Windows 8 convertible laptops: Who will get it right?
Atul and Mani, I would like to look at a rather different subject - the interesting shift Windows 8 is bringing in personal computing devices. With the new Metro-style interface, Windows 8 is uniquely poised to cater to both touch devices like tablets and devices with keyboard input like desktops and laptops. In fact, we are today witnessing an upheaval of laptop design to accommodate a tablet mode, which is bound to become an indispensible feature of Windows 8 laptops. Consumers are now demanding the best of both worlds - a laptop that can be dually used as a tablet (also called convertible laptops/tablets or as some people call it - "laplets"). There have been a few designs of this type earlier, but Windows 8 seems to have set this market alight.
Of late, we see the market abuzz with a host of competing designs, each one parading their benefits and stylish looks. One design, which got a lot of press at CES 2012 is the Lenovo Ideapad Yoga, an aptly named device as the touch-screen of the laptop flips 360 degrees all the way back to become a tablet. This device will be exclusively released with Windows 8 later this year (http://news.lenovo.com/article_display.cfm?article_id=1551, http://www.gizmag.com/lenovo-ideapad-yoga-13/21073/). Another model showcased at CES 2012 is the Toshiba Protege M930 - when in laptop mode the screen can be lifted up from its base and pulled forward to cover the keyboard. This device appears to be awaiting Windows 8 for its commercial launch as the demoed version having Windows 7 isn't available on retail. (http://www.theverge.com/2012/1/13/2705350/toshiba-portege-m930-a-windows-7-tablet-with-a-keyboard-and-rotating). One other contender, the ASUS Eee Pad Transformer is essentially a tablet with a detachable docking keyboard. An Android version is already available, with a Windows 8 model to be launched later this year - which is a very positive indication of the market outlook for Windows 8 going ahead (http://www.pcworld.com/article/230202/asus_may_put_windows_8_in_next_eee_pad_transformer_tablet.html). Dell Inspiron Duo has been around for some while now and features a flip-hinge design where the screen can be flipped 180 degrees on its horizontal axis so that when closed, it covers the keyboard with the screen facing upwards to work in tablet mode (http://www.dell.com/content/topics/topic.aspx/global/products/landing/en/inspiron?c=us&l=en). It is currently available with Windows 7, but users who have installed the developer preview of Windows 8 report a much improved user experience. Windows 8 is surely going to shake up the market.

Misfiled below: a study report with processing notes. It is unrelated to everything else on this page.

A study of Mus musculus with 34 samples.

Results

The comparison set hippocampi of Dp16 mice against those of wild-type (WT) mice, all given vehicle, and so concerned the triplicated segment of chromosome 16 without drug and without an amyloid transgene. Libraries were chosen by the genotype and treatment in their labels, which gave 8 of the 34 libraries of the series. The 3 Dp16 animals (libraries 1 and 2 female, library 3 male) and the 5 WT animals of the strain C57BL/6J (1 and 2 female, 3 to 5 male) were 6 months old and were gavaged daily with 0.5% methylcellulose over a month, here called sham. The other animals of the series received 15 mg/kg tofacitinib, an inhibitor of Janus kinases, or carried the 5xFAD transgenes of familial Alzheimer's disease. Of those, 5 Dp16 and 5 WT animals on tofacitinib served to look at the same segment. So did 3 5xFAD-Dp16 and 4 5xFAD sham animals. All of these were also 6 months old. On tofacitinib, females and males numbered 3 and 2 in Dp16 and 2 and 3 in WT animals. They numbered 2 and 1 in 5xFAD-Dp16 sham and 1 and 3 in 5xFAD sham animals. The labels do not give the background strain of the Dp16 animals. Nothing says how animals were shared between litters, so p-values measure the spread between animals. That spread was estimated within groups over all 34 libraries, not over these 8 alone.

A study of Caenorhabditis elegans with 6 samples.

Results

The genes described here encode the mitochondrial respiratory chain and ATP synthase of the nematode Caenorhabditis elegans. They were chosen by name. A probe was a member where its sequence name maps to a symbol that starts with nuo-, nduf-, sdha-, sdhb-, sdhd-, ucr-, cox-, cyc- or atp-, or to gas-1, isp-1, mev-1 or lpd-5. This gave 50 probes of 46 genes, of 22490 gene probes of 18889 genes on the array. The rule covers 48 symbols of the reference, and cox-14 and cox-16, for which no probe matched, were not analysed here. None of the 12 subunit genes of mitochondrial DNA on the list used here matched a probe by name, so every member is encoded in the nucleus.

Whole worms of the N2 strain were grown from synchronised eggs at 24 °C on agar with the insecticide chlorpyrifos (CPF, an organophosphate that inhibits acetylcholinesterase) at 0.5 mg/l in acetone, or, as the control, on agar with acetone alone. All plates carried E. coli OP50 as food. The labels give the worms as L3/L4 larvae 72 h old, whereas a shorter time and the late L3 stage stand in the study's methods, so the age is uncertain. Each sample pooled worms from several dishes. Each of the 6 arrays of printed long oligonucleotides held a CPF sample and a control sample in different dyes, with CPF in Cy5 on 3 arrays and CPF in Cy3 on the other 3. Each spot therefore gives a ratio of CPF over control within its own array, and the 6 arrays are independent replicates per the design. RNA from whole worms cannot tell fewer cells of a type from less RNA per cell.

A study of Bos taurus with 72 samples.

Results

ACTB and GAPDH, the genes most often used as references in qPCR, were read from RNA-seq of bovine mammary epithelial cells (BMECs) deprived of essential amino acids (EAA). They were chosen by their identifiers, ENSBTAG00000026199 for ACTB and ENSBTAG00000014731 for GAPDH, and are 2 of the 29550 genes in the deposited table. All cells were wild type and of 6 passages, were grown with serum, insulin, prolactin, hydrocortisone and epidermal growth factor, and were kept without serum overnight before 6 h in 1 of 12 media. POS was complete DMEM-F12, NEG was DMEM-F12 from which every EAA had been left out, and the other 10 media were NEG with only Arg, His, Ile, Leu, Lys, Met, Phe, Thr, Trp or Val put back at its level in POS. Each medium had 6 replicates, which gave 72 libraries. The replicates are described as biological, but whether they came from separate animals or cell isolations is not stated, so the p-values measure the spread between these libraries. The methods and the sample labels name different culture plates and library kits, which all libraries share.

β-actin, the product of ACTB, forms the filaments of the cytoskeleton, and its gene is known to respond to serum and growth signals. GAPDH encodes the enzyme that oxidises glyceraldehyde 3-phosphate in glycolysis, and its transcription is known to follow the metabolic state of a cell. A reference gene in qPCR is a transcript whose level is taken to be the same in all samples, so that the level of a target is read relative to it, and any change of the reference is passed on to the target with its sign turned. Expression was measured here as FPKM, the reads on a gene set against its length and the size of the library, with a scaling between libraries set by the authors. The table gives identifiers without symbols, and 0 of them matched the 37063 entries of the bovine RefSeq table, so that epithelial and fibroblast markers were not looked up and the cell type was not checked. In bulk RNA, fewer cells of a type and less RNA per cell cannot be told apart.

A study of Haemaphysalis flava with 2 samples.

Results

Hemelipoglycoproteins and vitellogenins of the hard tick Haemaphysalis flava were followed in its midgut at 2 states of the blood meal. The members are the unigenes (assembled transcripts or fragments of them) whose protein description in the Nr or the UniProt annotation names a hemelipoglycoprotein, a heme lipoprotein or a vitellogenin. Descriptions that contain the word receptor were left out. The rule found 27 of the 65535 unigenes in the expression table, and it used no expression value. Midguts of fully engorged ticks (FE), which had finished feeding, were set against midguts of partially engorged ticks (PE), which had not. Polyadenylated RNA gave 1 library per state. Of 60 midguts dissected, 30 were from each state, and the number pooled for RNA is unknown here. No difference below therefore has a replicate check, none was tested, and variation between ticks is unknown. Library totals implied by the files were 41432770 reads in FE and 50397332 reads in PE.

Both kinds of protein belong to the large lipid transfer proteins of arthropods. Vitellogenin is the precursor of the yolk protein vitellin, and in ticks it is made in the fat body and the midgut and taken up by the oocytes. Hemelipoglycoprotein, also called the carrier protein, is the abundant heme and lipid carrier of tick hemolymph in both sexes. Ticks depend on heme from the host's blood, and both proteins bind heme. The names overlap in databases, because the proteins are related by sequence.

With all these designs around, some are bound to gain popularity, while others will fade away. We saw a parallel in the evolution of mobile phone design; the once very popular flip mobile phones are now giving way to elegant slide-out keyboard designs. In the market for convertible laptops, style, substance (specifications and features) and robustness will play an important part. It is to be seen in the war of the laplets, which designs will prevail in the long run.